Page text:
The Maltese double cross part 2.

You do have to wonder exactly what both the United States and ourselves expected to happen when al-Megrahi touched down in Libya. He was always going to be given something approaching a warm welcome, mainly because even while the country has paid reparations for the bombing, he is still regarded as innocent.

As almost always, American and Western lives are regarded as having far more worth than those towards the east. You might have thought that some would have mentioned Iran Air Flight 655 today; after all, it's still possible that the Lockerbie bombing was revenge for it. Flight 655 was shot down by the USS Vincennes whilst it was inside Iranian territorial waters, killing all 290 on board. The crew of the ship were not even slightly disciplined: they instead received Combat Action Ribbons, while the captain received the Legion of Merit. The Iranians received no apology, the US has never accepted responsibility and also never admitted wrongdoing. It did however eventually pay $131.8 million in compensation. Libya, by contrast, ended up paying more than $2.16 billion for the Lockerbie bombing.

It's also fairly remarkable how in this instance the Scottish government has managed to stand up to American pressure not to release al-Megrahi. How very different to the extradition of Gary McKinnon, where Westminster has refused to intervene and where Denis MacShane even claimed that McKinnon's diagnosis of Asperger's syndrome was a ruse. Similarly, David Miliband continues to refuse to disclose 7 paragraphs of a memo concerning Binyam Mohamed, claiming that if he did the Americans would withdraw intelligence cooperation. It might well be that the Scottish, unlike the UK government as a whole, doesn't have to worry about the relationships which would be affected by playing politics as it were, but it also exposes both the cowardice and the disparity of the "special relationship", as well as just how nasty both Labour and the Conservatives have become, both of whom would have apparently denied a man with three months to live a compassionate release. I'm no fan of the SNP, and their authoritarian tendencies especially over alcohol are repugnant, yet they've made the right decision for exactly the right reasons, the only downside being that al-Megrahi apparently had to drop his appeal for his release to be agreed. Justice may not have been fully served, but this may well have been the best outcome out of a slew of worse ones.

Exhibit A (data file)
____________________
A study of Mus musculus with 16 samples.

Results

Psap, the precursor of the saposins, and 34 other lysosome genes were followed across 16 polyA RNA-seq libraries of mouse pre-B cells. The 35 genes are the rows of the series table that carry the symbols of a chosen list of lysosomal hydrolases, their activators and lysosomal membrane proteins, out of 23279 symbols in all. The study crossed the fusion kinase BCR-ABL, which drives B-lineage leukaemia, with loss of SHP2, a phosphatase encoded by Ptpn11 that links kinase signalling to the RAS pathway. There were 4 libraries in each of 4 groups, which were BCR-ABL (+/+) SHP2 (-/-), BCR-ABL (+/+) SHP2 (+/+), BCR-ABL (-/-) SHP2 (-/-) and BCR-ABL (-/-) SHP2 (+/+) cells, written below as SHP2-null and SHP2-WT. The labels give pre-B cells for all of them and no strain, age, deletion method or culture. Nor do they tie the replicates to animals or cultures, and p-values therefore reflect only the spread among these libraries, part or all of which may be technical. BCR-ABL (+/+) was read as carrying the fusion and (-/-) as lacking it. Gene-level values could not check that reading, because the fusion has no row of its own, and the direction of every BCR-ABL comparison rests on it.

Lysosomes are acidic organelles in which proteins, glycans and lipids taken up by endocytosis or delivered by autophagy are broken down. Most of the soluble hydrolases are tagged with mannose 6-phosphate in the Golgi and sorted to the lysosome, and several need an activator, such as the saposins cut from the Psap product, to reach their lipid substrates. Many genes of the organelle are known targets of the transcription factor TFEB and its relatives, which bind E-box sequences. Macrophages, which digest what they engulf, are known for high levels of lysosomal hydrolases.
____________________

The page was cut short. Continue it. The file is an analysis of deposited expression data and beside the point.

1. Prevention of further scrutiny of either the original or substantial new evidence in open court.
2. The existing guilty verdict to stand.
3. al Megrahi to remain in prison.

They got the first two which, as a bonus, means Libya remains saddles with the compensation bill.

Robert Black QC, an emeritus professor of Scottish law at Edinburgh University, was one of the architects of the original trial in Holland. Asked by Hugh Miles in 2007 what he thought about the original guilty verdict for a London Review of Books article, Black stated: 'I am still absolutely convinced that ... No reasonable tribunal, on the evidence heard at the original trial, should or could have convicted him and it is an absolute disgrace and outrage what the Scottish court did.’

I thought the FBI head's remark that "terrorists will take comfort" from this was particularly ludicrous.

Sure, all you have to do is die from a painful disease and you won't be punished further! Sweet!